Tuesday, May 15, 2012
Monday, April 30, 2012
Friday, March 30, 2012
We have been very busy here in the shop. I just got back on the Harley Knuckle Head restoration. We have made a fixture to hold onto the head while in the mill. I will have more pictures of the process soon. Here is one that shows the setup. more later.
Saturday, February 18, 2012
Our next job involves the restoration of a set of Harley Davidson Knuckle Head cylinder heads. I'am not a Harley expert but i do know that these heads and a knuckle head for that matter is extremley rare and valuable. The heads are in poor shape and will require some extensive machining to get them to a useable state but also they need to look like brand new. These heads have been repaired a few times in thier lifetime as there is spots of brazing in several spots. The heads have passed crack inspection. The next step is going to be to bake them at around 400 degrees the lead shot blast. This will cook off all the years of grime and gook that a solvent tank and a brush can't get too. The next step is too repair the threaded holes in the deck of the head. We will not be using helicoils. next will be a light machining to the deck of both heads. We will first need to build a fixture to hold on the head casting. Stay tuned this should be interesting.
Thought I would show some more of the operations done to the superharger shaft assembly. The main shaft has a square machined on both ends to act as a key for the flange and the front hub. this eliminates using woodruf keys and square key stock that you would normally find in an application like this. This design is much less prone to crack and metal fatique goes way down being that there is no slots cut into high stress areas along the shaft. The degree wheel is mounted on the end of the shaft and a pointer is clamped to the table. You machine a flat to the desired depth every 90 degrees. If you read the degree wheel with a magnifier you can be extremly accurate. my index equipment was set up for making gears so i had to use a different method. There is always a few ways to attack jobs in a machine shop. The shaft assembly is finished now. the customer is installing it soon. I hope to get photos of the car to post here soon.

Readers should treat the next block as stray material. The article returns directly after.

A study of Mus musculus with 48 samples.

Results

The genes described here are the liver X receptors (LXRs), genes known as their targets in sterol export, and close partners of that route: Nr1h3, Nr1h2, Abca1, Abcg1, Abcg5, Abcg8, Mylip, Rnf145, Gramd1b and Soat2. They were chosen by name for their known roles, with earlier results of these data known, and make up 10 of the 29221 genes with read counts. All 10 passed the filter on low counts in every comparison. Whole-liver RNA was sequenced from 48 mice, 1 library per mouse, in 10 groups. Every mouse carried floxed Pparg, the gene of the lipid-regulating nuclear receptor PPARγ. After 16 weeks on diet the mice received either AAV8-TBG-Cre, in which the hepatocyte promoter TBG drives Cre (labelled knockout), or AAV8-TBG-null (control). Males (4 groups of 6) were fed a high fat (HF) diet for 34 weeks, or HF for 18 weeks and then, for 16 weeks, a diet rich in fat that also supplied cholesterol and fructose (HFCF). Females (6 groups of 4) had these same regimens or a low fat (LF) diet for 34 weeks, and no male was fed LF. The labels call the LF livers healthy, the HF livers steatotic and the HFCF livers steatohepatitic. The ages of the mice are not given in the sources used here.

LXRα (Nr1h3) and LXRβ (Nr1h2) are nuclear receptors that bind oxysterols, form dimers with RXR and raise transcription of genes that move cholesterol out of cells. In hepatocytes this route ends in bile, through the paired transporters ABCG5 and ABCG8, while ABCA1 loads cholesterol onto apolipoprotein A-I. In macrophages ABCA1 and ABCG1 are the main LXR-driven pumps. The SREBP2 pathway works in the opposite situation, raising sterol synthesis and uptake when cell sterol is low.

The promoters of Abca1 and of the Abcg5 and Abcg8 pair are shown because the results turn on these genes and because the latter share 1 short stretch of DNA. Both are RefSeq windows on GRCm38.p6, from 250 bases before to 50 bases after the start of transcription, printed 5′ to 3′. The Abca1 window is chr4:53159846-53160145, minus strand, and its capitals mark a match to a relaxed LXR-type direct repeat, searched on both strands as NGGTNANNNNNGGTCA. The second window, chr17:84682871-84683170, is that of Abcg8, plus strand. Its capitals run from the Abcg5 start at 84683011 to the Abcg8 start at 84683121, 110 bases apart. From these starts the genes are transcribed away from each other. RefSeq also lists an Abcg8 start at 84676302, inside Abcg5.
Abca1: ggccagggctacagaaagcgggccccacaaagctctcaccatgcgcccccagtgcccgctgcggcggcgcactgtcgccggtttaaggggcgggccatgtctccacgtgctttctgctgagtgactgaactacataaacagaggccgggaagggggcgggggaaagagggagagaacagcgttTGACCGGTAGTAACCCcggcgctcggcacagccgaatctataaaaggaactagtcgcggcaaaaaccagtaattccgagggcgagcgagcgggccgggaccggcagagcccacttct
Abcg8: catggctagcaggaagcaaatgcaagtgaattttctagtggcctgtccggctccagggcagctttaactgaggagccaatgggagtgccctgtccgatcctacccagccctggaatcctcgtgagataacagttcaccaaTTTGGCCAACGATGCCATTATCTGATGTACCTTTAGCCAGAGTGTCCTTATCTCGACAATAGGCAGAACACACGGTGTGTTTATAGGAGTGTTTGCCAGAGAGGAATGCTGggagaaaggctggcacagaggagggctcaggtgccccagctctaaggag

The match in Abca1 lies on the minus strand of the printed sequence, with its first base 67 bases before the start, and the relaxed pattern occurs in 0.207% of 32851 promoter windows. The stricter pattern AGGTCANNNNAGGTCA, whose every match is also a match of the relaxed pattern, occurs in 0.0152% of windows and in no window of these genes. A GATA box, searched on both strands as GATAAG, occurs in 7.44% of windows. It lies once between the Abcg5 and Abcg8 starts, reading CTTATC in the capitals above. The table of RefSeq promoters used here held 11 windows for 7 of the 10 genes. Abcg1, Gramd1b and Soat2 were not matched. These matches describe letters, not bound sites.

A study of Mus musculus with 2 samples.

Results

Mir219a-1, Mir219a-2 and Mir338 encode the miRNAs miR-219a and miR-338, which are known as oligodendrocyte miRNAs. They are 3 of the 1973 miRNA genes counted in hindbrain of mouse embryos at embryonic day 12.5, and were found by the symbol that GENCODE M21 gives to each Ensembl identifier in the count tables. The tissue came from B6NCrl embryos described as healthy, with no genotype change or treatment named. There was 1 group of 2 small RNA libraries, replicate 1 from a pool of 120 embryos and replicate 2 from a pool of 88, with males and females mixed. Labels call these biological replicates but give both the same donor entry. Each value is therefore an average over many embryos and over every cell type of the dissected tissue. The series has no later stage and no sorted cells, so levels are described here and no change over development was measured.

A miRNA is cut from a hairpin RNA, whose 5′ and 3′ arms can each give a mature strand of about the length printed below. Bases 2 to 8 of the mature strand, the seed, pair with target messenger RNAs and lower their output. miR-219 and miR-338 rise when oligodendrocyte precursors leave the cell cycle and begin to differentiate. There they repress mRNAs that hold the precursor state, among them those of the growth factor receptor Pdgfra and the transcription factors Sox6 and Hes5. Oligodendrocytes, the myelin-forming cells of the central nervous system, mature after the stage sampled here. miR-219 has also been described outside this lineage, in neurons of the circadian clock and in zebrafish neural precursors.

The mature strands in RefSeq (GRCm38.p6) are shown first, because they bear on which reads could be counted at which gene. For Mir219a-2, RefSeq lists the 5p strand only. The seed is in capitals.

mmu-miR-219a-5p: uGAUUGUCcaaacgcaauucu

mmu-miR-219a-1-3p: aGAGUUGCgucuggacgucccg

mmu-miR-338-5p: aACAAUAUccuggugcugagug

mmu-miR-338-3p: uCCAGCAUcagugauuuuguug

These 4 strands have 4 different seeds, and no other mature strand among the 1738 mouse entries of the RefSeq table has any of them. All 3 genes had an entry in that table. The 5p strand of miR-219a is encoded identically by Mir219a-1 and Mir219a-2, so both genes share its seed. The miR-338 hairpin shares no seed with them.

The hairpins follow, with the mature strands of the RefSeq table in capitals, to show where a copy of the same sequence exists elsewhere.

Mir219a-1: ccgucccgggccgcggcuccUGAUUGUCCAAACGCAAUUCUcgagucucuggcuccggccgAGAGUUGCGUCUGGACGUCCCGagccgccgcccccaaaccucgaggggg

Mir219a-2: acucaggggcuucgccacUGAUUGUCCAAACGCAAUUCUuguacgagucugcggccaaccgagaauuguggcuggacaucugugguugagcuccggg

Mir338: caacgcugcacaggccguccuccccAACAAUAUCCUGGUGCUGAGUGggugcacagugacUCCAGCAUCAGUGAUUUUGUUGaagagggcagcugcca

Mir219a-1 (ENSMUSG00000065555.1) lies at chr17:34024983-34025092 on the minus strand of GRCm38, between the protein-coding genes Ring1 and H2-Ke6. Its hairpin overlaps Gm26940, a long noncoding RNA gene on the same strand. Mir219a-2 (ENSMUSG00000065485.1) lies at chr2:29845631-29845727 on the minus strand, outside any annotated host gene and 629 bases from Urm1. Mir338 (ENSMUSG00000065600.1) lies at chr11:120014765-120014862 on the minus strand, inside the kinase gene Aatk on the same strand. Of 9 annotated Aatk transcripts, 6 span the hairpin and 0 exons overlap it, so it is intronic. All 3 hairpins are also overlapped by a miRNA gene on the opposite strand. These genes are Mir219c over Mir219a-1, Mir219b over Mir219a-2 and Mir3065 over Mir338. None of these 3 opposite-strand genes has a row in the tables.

Friday, February 3, 2012
We started using 3-d design software about 3 years ago to help speed up the process of going from sketches and engineering to machine a little faster. I'am finnally starting to become effecient at it. This was a HUGE learning curve but it has started to pay off. Pencil and paper is no longer required. The drawing below is the assembly of the supercharger shaft. We now can generate a full set of blueprints from the parts sketches done in the computer and i know the assembly will work because I assembled it in the computer. The computer tells you when you have a dimension that won't line up. Technology sometimes works in my favor.
Sunday, January 29, 2012
The part in the pictures appears to be just a random turning of steel from a lathe right? This is actually 3 parts for the supercharger drive all machined on the same bar to be separated later. I do this when i can to save on time and material. The trick is being able to split the bar up later without too much hassle. The last picture is all the parts for the supercharger drive except for the main drive shaft. More later.
Wednesday, January 25, 2012
The job in the shop now is a 6-71 supercharger main shaft. The original broke due to being out of true and made from inferior material. The new one is lighter and features 1045 steel shafting material and 2024 aircraft grade aluminum. What we decided to due was machine a square for the shaft to ride in. After it is pressed together it will not fail. No welds to brake and the assembly spins true. check out the photos. There is more to come.